Coronavirus: Hong Kong expert claims outbreak is now a pandemic and US death could be 'tip of the iceberg'

Professor Gabriel Leung believes the coronavirus can now be called a pandemic.
PHOTO: South China Morning Post

A top medical expert in Hong Kong believes the coronavirus epidemic can now be labelled a global pandemic, as it has spread quickly across several countries.

Professor Gabriel Leung, dean of the University of Hong Kong's (HKU) medical faculty, added the first death recorded in the United States was worrying, as it indicated there could be more confirmed cases in the country.

However, the World Health Organisation has stopped short of calling the outbreak a pandemic, with director general Tedros Adhanom Ghebreyesus saying health officials had not yet witnessed the "un-contained global spread", or "large-scale severe disease or death" associated with a pandemic.

But speaking on a radio show on Sunday, Leung said the death in the US could be "the tip of the iceberg".

"One death could mean there are 100 confirmed cases in the region - and maybe you haven't recorded as many cases just because you haven't tested enough people," he said.

"So while the first wave of outbreak could be getting under control in mainland China, the first wave outside China could be just starting. This seems to be inevitable."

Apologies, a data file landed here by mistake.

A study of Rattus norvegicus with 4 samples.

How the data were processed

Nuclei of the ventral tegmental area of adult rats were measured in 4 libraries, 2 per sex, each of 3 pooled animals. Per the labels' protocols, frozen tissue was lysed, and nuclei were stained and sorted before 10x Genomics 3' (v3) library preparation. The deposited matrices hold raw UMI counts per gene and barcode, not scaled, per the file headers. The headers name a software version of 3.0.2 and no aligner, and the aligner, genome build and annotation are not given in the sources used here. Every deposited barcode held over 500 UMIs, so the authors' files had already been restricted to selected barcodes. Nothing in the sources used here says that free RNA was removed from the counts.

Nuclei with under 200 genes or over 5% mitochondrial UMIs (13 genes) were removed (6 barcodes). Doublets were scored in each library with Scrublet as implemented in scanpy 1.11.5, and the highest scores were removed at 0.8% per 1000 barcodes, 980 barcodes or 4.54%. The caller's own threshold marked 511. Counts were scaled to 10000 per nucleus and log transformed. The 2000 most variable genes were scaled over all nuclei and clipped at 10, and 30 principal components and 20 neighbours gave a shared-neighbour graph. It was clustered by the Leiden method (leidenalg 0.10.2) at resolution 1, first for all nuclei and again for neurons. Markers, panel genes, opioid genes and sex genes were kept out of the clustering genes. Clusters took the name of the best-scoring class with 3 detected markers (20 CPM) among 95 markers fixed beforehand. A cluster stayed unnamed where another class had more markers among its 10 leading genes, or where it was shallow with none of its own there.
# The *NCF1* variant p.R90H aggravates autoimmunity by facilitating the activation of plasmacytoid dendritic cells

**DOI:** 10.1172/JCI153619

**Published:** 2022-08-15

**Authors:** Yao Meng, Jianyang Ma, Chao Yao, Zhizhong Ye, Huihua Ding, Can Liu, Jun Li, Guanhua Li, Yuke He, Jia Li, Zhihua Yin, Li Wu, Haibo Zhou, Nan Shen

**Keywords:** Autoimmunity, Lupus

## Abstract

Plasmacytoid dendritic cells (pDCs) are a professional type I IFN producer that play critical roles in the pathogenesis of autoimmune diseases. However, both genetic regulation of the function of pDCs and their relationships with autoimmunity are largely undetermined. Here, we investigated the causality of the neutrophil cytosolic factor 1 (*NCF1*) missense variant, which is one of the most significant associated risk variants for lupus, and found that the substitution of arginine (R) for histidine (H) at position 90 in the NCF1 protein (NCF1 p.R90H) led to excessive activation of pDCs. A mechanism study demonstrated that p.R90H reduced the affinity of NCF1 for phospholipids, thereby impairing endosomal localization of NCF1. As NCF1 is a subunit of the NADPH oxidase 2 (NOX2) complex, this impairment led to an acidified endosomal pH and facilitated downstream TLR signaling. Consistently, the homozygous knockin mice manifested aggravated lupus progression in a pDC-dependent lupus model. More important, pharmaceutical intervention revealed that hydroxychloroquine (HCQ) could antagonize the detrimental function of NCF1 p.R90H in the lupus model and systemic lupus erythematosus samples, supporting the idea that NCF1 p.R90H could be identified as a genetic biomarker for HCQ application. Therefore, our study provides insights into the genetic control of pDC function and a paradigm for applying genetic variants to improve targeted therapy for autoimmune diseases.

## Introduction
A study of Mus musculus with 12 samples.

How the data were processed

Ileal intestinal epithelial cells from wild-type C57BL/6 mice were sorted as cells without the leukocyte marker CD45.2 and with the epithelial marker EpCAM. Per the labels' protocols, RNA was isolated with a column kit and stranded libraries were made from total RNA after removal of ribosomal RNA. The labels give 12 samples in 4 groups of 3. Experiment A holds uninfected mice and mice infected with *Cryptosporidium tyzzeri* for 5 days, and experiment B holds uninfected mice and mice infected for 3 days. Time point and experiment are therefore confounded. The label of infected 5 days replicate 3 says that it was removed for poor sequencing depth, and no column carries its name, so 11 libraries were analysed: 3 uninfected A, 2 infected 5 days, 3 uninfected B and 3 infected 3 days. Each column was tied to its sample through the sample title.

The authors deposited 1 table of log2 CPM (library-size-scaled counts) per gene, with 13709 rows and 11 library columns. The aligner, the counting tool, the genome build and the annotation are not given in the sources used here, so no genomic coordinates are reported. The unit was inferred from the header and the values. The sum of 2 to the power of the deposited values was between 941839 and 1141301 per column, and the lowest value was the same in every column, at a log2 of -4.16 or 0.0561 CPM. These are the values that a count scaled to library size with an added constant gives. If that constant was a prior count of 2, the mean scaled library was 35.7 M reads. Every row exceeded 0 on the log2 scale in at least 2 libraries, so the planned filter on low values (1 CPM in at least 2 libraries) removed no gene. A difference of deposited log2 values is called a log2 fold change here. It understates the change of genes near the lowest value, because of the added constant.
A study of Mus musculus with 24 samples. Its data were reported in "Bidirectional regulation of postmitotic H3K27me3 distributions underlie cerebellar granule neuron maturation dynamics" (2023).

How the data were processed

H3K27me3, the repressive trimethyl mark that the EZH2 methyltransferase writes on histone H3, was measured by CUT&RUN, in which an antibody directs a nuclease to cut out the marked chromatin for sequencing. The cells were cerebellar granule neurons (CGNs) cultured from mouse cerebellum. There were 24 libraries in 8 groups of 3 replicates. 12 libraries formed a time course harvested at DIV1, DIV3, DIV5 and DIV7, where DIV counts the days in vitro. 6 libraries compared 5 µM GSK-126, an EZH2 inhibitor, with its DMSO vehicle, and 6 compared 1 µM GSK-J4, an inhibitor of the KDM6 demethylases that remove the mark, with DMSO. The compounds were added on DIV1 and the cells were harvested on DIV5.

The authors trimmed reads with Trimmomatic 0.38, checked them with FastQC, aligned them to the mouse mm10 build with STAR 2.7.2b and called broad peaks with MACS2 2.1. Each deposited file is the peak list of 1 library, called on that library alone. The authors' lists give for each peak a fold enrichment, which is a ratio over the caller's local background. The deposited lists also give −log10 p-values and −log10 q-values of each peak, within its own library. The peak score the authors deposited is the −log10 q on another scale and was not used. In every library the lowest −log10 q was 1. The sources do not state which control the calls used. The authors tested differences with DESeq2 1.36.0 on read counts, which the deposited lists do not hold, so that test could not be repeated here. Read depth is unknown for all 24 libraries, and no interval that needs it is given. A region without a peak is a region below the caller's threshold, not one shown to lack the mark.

Asked if the virus, which causes the Covid-19 disease was now a global pandemic, Leung said the only reason for not classifying it as such was maybe the word "triggers public fear".

"Technically this is a pandemic, as it is spreading locally in many countries … but the World Health Organisation insisted that it should only be called pandemic when local outbreaks get out of control," he said.

The contagious disease, which originated in China, has been spreading fast globally, with the US facing the latest outbreak, with one death reported on Saturday, and 62 infections.

Community outbreaks have also been seen in Europe, the Middle East, and Southeast Asia, with Italy and South Korea facing the biggest number of infections.


The HKU head also said he had visited Britain recently, and health officials in the country praised Hong Kong for doing well in containing the virus.

"They said both Singapore and Hong Kong have been doing well, because the numbers of confirmed cases in the two places are similar," he said.

Hong Kong and Singapore have confirmed 95 and 96 cases respectively, so far.

"But Hong Kong's population is about a third larger than Singapore. So I think this is something we achieved with the effort of the whole society," he added.

But Professor David Hui Shu-cheong, a respiratory medicine expert from Chinese University, said the outbreak in Hong Kong could only be considered as under control if there were no new confirmed infections in 28 days.

"So far we have a few new cases every day," he said.

"But if the containment strategy is effective, we hope we will only have a new case every few days or weeks, and then we can relax the containment strategy a bit. But the most ideal is not to have any case in 28 days."

Meanwhile, the outbreak has forced the city to call off major events at the annual Bun Festival next month, a traditional Chinese fiesta which draws tens of thousands of local and overseas visitors to the outlying island of Cheung Chau every year.


Other highlights include the Piu Sik, or "floating colours" parade, a traditional Taoist ritual featuring children dressed in colourful costumes and balanced on "floating" platforms, that are carried around the island in the belief it will ward off wandering evil spirits.

The organisers of the rural festival announced on social media that both the contest, and the parade had been cancelled, but other smaller parades and Taoist rituals would take place.